Let’s tackle an important question: how much activity does your pet dog need? While we would like to provide you with a solid number you can just abide by, it’s unfortunately not that simple.

There are numerous factors you have to consider in order to determine the appropriate amount of activity for your dog. Those essential factors are discussed in greater detail below.

Current Condition

The first factor you must consider when determining how long your pet should exercise is his/her current condition.

Injured pets are obviously going to have a tougher time moving around. Asking them to exercise for prolonged periods of time is not a good idea. It could even be detrimental to their health.

You should also take it easy on dogs who are not used to exercising. Moving around more can be shocking to their body and result in them encountering some health issues.

Keep activity light early on. Wait until your pet is stronger before ramping them up.

Breed Can Determine Level of Activity

The specific breed of your dog must also be considered when you’re putting together an activity plan.

According to PetMD, short-nosed breeds don’t require a lot of activity. You can entrust them to a dog walker or take them around the block yourself and that should represent a pretty good workout.

In contrast, herding or hunting dogs need a more rigorous exercise regimen. They will need about 30 minutes of activity every day to remain in good condition.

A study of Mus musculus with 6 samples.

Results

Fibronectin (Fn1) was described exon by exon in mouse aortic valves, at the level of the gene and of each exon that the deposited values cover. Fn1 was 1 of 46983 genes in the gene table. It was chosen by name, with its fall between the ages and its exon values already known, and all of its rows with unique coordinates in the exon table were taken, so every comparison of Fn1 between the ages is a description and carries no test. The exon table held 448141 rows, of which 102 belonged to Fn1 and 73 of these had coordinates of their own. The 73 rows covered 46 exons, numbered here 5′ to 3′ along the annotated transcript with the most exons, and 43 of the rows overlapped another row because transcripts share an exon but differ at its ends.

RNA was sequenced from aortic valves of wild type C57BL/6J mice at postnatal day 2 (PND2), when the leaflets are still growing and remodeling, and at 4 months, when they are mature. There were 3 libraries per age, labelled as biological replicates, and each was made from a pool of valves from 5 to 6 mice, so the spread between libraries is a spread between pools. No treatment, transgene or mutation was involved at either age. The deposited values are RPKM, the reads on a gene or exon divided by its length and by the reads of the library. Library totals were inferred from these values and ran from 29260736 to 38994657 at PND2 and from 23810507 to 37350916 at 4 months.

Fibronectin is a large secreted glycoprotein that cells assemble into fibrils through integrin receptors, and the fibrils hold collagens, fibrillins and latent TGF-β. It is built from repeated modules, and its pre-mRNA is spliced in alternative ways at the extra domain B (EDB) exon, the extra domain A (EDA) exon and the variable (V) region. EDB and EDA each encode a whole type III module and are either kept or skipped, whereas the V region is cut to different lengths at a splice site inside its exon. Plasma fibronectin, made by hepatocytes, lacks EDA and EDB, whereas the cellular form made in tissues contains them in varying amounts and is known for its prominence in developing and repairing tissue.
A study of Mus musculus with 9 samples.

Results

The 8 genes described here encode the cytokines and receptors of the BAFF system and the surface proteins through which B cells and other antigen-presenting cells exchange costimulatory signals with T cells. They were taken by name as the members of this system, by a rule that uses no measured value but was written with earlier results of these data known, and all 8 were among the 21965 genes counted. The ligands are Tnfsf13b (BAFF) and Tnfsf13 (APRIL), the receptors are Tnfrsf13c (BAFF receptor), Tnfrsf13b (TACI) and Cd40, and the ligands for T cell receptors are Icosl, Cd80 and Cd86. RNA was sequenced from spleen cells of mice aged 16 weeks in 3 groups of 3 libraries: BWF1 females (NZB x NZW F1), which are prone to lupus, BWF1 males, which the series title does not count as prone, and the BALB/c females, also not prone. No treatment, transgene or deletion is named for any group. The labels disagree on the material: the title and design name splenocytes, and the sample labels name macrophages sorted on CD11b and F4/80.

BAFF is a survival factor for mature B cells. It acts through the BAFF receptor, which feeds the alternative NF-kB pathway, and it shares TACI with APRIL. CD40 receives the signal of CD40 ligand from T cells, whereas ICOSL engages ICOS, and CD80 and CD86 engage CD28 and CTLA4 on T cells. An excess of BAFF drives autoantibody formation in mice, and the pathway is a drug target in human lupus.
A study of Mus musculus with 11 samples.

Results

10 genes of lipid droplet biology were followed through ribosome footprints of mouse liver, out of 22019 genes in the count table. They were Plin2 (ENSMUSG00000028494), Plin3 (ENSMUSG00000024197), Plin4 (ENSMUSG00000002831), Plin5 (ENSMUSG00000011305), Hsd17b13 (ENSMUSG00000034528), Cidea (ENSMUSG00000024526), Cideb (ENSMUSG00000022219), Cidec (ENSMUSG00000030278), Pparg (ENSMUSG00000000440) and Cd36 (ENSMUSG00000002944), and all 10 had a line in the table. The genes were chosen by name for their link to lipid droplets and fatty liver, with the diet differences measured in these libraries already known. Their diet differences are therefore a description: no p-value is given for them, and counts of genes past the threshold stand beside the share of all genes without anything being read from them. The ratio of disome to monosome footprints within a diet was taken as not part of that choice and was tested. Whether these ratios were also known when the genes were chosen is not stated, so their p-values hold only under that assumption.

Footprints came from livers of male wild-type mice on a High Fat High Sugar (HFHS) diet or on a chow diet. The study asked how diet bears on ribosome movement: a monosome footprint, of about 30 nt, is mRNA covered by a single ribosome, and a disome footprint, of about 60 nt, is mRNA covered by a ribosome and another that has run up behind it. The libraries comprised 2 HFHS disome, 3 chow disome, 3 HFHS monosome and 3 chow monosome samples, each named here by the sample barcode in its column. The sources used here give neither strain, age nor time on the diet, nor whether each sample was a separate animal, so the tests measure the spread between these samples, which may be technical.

Age will also play a role in how much activity is recommended for your pet. For adult dogs, you can refer to their breed and condition to determine the amount of activity they need.

Where it gets trickier is with younger and older dogs.

Younger dogs tend to need more activity. It’s not just about keeping them healthy too. Activity is important for pups because it expends their near boundless energy.

If you have a young pup at home, consider going on multiple walks with them. The American Kennel Club cautions against going on a single walk for too long because doing so can be bad for the pup’s developing body.

As for your senior pets, you generally want to scale back the amount of activity they’re getting. If you were taking your dog for 25-minute walks before, consider scaling it down to a 20-minute walk. You don’t want to push your dog’s older body to its limit so err on the side of caution whenever the two of you head out.

When TAILored Pet Services takes your dog for a walk, we take into account the three factors in this article (current condition, breed and age) to ensure that your dog exercises safely. Text/call us at 425-923-7791 or send an email through our website to sign up for our services.